All the Best Lovers Are Gracious Lovers

Source: MabelAmber/Pixabay

Linda: In the following story, you can see that being aware of how we give and receive can make a huge difference. For an exchange to work, the receiver has to consciously make room to receive what is needed, welcome fully what is actually available in the present, and feel the gratitude that appears when one receives deeply. This way of consciously receiving inspires the giver to gather, offer, aim, and release to the other the fullness of whatever he or she has to give.

Antra: One evening early in our relationship, Rich was working on his doctoral thesis. He was seated at his desk, deeply absorbed in writing, when I came over and asked in an anxious tone, “Do you love me?”

Rich: Antra’s question annoyed me. I felt interrupted, and I didn’t understand what she wanted from me. I was not able to switch from what I was doing to tell her genuinely that I loved her. I felt put on the spot. Fortunately I was sufficiently aware to see that her question “Do you love me?” was actually a request for some loving attention.

Antra: He asked me, “Are you needing some love right now?” I thought about this for a moment and then, with some embarrassment and awkwardness, answered, “Yes, I’m needing some love right now.”

Rich: So I asked her another question: “Are you ready to receive some love right now?”

Antra: I looked inside myself and saw that I was experiencing a lot of anxiety, and that I actually wasn’t ready to take anything in. So I said, “To tell you the truth, I’m not ready to receive your love.”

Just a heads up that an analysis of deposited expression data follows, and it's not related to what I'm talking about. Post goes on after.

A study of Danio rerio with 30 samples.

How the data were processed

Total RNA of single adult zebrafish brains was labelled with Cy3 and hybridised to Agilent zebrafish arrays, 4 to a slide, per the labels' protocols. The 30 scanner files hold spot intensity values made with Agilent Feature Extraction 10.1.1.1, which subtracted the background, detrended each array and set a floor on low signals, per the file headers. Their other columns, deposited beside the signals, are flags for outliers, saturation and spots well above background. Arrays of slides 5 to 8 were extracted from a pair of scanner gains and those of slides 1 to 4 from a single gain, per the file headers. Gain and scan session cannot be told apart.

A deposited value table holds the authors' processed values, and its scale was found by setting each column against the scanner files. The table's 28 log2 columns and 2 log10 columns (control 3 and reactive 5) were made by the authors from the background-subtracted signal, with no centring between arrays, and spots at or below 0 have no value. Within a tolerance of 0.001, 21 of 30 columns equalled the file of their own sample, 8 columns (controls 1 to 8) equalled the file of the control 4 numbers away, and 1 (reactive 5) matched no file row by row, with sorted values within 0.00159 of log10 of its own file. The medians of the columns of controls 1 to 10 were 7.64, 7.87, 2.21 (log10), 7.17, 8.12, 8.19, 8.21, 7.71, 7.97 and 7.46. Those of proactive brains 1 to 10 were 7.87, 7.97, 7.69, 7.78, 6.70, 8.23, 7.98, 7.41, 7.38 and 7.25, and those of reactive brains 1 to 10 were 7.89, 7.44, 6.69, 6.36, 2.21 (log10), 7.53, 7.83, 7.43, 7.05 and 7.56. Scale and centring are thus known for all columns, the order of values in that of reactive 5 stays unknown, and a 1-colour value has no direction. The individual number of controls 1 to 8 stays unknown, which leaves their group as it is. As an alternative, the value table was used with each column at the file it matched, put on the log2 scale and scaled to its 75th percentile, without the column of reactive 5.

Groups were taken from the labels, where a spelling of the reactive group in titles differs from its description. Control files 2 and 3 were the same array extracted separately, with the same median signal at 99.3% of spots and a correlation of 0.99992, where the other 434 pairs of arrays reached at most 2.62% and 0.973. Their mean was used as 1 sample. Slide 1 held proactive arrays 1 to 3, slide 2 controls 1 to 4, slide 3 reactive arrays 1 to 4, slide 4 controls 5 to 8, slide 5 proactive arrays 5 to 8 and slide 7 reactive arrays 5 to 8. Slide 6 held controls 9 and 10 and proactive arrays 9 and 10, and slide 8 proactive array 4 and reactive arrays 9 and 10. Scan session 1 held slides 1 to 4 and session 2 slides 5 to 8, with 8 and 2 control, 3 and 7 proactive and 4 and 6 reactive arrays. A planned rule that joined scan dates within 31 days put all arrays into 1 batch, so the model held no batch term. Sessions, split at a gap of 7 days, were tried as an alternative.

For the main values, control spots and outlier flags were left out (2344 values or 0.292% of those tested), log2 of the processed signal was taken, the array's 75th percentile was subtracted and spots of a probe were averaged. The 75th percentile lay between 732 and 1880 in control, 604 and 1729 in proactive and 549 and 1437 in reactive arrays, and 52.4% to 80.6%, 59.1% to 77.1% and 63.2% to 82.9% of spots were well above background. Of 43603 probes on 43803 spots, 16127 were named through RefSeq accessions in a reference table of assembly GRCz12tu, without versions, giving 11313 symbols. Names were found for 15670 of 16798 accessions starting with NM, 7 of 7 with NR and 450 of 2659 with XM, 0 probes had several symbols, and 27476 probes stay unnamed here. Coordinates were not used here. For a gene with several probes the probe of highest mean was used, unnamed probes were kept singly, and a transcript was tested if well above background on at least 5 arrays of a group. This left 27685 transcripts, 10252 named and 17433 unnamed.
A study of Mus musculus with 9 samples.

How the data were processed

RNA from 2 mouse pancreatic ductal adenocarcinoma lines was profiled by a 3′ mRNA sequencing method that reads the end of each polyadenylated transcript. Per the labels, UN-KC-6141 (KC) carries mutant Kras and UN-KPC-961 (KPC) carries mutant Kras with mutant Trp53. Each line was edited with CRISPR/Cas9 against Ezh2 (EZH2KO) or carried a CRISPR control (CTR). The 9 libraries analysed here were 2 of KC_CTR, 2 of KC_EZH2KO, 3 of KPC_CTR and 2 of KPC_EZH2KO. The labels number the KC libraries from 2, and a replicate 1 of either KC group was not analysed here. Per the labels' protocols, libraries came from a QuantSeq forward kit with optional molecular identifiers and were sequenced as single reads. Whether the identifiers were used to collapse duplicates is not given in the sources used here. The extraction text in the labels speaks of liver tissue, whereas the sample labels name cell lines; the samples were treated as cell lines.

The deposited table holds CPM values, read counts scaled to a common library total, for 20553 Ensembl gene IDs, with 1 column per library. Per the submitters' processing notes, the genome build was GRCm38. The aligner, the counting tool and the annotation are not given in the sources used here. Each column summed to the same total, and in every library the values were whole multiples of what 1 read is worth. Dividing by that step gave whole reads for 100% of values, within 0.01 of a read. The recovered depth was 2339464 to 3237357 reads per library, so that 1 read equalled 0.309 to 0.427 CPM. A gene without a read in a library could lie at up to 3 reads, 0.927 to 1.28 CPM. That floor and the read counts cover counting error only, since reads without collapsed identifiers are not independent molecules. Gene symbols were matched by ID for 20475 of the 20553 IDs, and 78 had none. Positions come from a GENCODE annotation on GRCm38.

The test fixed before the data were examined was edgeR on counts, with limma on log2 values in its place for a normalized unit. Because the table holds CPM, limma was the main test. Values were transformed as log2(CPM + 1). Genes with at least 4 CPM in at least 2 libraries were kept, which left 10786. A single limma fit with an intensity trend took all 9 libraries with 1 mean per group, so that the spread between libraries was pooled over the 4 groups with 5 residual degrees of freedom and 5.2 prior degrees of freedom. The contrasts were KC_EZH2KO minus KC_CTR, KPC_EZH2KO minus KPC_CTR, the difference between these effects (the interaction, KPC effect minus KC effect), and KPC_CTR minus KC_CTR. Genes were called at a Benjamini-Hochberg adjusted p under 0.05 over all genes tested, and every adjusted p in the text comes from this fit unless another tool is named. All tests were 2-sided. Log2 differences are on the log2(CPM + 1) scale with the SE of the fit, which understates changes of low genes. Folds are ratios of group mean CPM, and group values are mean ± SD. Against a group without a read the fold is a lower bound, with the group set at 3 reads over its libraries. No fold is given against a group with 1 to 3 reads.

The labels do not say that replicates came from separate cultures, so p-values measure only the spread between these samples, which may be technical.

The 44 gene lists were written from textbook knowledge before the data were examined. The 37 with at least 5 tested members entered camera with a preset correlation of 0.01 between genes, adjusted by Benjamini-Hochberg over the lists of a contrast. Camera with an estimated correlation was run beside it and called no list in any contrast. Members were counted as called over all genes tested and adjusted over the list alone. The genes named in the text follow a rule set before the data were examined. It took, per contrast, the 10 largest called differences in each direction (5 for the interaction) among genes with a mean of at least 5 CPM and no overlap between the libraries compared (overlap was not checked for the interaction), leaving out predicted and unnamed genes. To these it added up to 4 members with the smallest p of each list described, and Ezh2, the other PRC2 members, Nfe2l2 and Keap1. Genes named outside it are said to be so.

Rich: So I asked her, “Could you make yourself ready?”

Antra: I took a few moments, closed my eyes, took a deep breath, and opened up a space of greater receptivity inside myself. Then I heard Rich gently asking me to open my eyes when I was ready. When I opened them, we were both open and available to each other.

Rich: The way Antra looked at me when she opened her eyes was irresistible.

Antra: With his whole heart, Rich said, “I love you.” I was able to fully take it in and let myself be fed by his love. It was completely nourishing.

George Valliant, a highly respected researcher from Harvard emphasizes the capacity to be loved, and points out that among all the strengths that an individual might have, that the capacity to be loved is the “Queen of the Strengths.” When we are conscious of how we give and receive, then everything that is shared, no matter whether it is positive or negative, feels like a great gift. We can find our way out of anything because we have faith that everything is workable, and that whatever happens is all grist for the mill.

One major challenge for couples is to see how they can offer their pain and anger to each other in a way that lets them connect, rather than disconnect. And when you distill love down to its essence, it is simply attention. Our love is renewed by consciously and skillfully giving and receiving attention. We come to understand that the quality of the attention we give and receive is what determines the level of fulfillment, connection, and love that we experience with each other. To have a terrific relationship, it is necessary to be generous of spirit to give love abundantly. And it is a secret of great relationships to become a most gracious receiver as well.